The Casual Vacancy, BBC, TV review: JK Rowling's story is a far better drama than it is a book

Harry Potter author's so-so novel comes to life with a star cast and some magical direction

Ellen E. Jones
Sunday 15 February 2015 23:13 GMT
Class act: Julia McKenzie and Keeley Hawes in 'The Casual Vacancy'
Class act: Julia McKenzie and Keeley Hawes in 'The Casual Vacancy'

The Casual Vacancy, JK Rowling’s first Muggles-only book for adults, was deemed a mild disappointment on its 2012 release, but as a three-part TV serial, it’s much more satisfying.

The story takes place in the little West Country town of Pagford which, like all such fictional communities, conceals intrigue and scandal behind an idyllic-looking facade.

The town’s biggest dispute concerns the local community centre, which parish council leader Howard Mollison (Michael Gambon aka Dumbledore himself) and his wife, Shirley (Julia McKenzie) want to sell off to hotel developers, They are opposed by beloved local councillor Barry Fairbrother (Rory Kinnear). “That’s social engineering! That’s apartheid!” he said in an impassioned speech, shortly before dropping dead. Fairbrother’s demise left behind an opening on the council (the “casual vacancy” of the title) and also, apparently, a ghost with a taste for scurrilous gossip.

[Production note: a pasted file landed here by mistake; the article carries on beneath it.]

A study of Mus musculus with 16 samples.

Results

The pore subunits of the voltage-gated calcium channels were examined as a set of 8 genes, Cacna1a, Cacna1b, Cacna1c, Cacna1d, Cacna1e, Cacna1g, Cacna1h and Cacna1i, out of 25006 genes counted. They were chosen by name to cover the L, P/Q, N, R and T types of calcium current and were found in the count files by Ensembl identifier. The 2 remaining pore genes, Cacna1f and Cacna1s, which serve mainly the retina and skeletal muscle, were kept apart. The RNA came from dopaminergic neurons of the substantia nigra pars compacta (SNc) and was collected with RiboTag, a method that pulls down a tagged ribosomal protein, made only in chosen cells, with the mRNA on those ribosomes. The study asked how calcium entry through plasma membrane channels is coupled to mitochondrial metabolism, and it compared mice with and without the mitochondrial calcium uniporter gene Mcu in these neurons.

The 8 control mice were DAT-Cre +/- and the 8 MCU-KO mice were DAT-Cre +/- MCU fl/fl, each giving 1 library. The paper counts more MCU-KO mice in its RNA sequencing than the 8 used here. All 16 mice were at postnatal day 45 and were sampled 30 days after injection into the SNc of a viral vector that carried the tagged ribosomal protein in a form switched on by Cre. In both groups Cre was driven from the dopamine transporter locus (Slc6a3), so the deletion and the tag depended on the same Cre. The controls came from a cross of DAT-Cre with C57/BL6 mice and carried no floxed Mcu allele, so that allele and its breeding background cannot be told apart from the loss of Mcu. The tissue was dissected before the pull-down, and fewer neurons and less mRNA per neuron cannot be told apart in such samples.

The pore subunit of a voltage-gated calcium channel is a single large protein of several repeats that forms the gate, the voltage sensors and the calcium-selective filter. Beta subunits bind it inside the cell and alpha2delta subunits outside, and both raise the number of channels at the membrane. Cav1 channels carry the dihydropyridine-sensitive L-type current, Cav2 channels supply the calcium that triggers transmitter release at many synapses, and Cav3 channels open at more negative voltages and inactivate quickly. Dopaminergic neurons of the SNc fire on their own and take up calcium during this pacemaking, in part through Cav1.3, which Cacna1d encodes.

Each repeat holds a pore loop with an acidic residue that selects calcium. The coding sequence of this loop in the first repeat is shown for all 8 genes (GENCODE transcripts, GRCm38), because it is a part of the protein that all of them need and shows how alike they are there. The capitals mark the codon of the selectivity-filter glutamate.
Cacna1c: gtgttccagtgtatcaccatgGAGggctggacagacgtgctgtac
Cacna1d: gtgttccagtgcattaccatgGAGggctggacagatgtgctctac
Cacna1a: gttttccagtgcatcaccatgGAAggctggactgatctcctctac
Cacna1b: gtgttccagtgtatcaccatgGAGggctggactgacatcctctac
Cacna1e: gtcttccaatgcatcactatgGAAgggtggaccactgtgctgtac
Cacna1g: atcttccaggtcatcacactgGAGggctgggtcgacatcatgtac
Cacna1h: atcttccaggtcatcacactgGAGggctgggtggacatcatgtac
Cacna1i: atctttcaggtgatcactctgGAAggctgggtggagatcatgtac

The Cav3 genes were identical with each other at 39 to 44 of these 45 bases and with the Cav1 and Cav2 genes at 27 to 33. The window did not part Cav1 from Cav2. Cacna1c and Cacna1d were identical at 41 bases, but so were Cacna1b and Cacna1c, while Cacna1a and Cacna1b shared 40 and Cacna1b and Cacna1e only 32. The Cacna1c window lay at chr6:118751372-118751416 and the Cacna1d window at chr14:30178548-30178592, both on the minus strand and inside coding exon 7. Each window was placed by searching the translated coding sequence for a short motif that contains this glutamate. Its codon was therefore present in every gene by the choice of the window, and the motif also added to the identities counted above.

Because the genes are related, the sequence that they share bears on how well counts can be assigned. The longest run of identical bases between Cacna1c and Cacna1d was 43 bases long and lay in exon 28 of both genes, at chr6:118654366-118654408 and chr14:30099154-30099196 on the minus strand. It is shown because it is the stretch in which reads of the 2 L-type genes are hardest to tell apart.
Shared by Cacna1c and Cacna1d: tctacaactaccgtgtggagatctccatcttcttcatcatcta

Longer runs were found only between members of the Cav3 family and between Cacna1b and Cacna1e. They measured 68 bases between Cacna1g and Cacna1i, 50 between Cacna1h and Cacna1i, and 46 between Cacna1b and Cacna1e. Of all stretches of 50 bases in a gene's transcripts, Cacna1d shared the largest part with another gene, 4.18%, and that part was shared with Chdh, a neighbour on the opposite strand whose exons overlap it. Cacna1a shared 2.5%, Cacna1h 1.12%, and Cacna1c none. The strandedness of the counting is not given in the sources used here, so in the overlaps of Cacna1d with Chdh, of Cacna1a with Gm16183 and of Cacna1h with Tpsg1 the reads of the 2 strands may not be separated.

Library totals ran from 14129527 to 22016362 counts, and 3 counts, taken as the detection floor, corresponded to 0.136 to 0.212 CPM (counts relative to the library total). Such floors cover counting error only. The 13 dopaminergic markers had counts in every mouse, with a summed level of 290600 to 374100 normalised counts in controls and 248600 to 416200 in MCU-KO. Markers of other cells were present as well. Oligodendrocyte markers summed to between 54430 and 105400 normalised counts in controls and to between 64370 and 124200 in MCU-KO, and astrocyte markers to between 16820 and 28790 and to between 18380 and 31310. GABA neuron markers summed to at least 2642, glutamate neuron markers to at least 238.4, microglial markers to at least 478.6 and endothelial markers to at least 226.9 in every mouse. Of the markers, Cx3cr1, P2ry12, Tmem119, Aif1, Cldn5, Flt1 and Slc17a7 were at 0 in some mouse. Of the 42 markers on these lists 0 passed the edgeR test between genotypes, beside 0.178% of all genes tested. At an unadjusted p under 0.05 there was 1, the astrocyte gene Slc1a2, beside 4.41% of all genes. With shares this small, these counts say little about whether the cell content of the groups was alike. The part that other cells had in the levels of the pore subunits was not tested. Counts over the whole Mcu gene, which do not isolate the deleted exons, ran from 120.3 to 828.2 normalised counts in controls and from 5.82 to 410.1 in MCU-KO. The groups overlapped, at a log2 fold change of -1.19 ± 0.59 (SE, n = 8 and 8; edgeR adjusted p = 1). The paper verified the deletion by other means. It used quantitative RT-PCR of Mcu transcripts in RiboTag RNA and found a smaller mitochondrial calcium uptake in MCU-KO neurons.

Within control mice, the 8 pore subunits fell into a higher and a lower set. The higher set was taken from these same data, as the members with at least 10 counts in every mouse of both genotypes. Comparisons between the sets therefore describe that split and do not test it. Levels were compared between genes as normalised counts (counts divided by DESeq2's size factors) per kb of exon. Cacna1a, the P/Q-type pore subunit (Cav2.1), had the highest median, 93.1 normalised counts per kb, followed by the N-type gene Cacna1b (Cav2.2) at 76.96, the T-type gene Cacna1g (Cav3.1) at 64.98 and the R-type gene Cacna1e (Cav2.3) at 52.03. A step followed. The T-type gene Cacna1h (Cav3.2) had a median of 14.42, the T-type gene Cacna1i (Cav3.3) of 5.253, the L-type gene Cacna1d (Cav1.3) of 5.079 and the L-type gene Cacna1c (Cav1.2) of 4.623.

In book form, The Casual Vacancy’s lefty politics irritated some – the Daily Mail’s Jan Moir called it “500 pages of relentless socialist manifesto”. On screen, however, these characters are too well rounded to be dismissed as mere mouthpieces. Partly that’s down to the cast. Kinnear, Gambon and Keeley Hawes are all as good as ever, but The Casual Vacancy’s teenagers are also impressive, particularly Abigail Lawrie as worldly-wise Krystal Weedon, a sort of sink-estate Hermione.

The Casual Vacancy does better than either Broadchurch or Fortitude at wrangling a large ensemble into a coherent story. The structure was already there in Rowling’s book, but director Jonny Campbell deserve credit for scenes that cleverly established character with a wordless economy. When, for instance, the snobby Mollisons arrived at the manor house, they are ushered from room to room by Lord Sweetlove before being deposited out the backdoor once more. Their snubbing is a deft reminder of where the power really lies.